Three fined £1.9 million for weak 999 call handling system
As Britain’s telecoms regulator, Ofcom’s responsibilities include fining providers for serious service blunders. Three is the latest company to be hit with one of Ofcom’s invoices, having been fined £1,890,000 today for failing to appropriately protect customer access to emergency services.
Last October, Three notified Ofcom of a temporary outage affecting Kent, Hampshire and parts of London, which turned out to be due to two separate fibre cable breaks. But when the regulator took a closer look at Three’s network configuration, it noticed all emergency call handling was routed through a single data centre, with no redundancy system in place should that go down.
To be clear, at no point were Three subscribers unable to contact emergency services. However, “Three’s emergency call service was vulnerable to a single point of failure,” and thus the way the network was configured was not fit for purpose as far as Ofcom is concerned — no matter how widespread or serious an outage may be, mobile operators are required to “ensure everyone can contact the emergency services at all times.”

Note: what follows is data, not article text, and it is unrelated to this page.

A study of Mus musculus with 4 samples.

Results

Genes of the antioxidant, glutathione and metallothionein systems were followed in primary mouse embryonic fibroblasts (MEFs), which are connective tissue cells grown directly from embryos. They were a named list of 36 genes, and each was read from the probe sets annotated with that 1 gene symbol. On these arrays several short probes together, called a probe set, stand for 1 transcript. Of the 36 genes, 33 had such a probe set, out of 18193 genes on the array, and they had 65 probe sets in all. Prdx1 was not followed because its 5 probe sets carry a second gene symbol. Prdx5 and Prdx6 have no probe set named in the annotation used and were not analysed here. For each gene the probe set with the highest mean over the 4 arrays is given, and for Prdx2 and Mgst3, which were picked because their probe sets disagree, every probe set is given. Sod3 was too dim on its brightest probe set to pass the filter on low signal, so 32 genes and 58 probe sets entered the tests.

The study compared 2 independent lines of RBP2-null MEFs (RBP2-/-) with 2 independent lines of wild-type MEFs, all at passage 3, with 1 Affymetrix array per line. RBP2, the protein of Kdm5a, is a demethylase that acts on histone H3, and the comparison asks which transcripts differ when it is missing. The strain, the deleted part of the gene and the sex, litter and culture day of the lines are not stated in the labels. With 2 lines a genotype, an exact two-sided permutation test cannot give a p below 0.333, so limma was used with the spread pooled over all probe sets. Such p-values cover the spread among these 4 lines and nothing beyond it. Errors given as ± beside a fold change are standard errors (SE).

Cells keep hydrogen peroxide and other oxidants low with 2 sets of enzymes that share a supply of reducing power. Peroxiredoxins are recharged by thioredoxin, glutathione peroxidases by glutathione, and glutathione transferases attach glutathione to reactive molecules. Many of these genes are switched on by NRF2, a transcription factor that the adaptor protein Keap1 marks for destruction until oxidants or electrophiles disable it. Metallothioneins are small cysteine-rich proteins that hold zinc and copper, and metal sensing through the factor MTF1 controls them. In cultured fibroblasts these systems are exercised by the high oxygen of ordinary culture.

Three has since redesigned the network, creating back-up routes that can carry emergency calls in the event of any system meltdowns. Nevertheless, Three must still cough up £1.9 million “given the potential impact on public health and safety” the single point of failure represented — and that includes a 30 percent discount for cooperating with Ofcom during the investigation.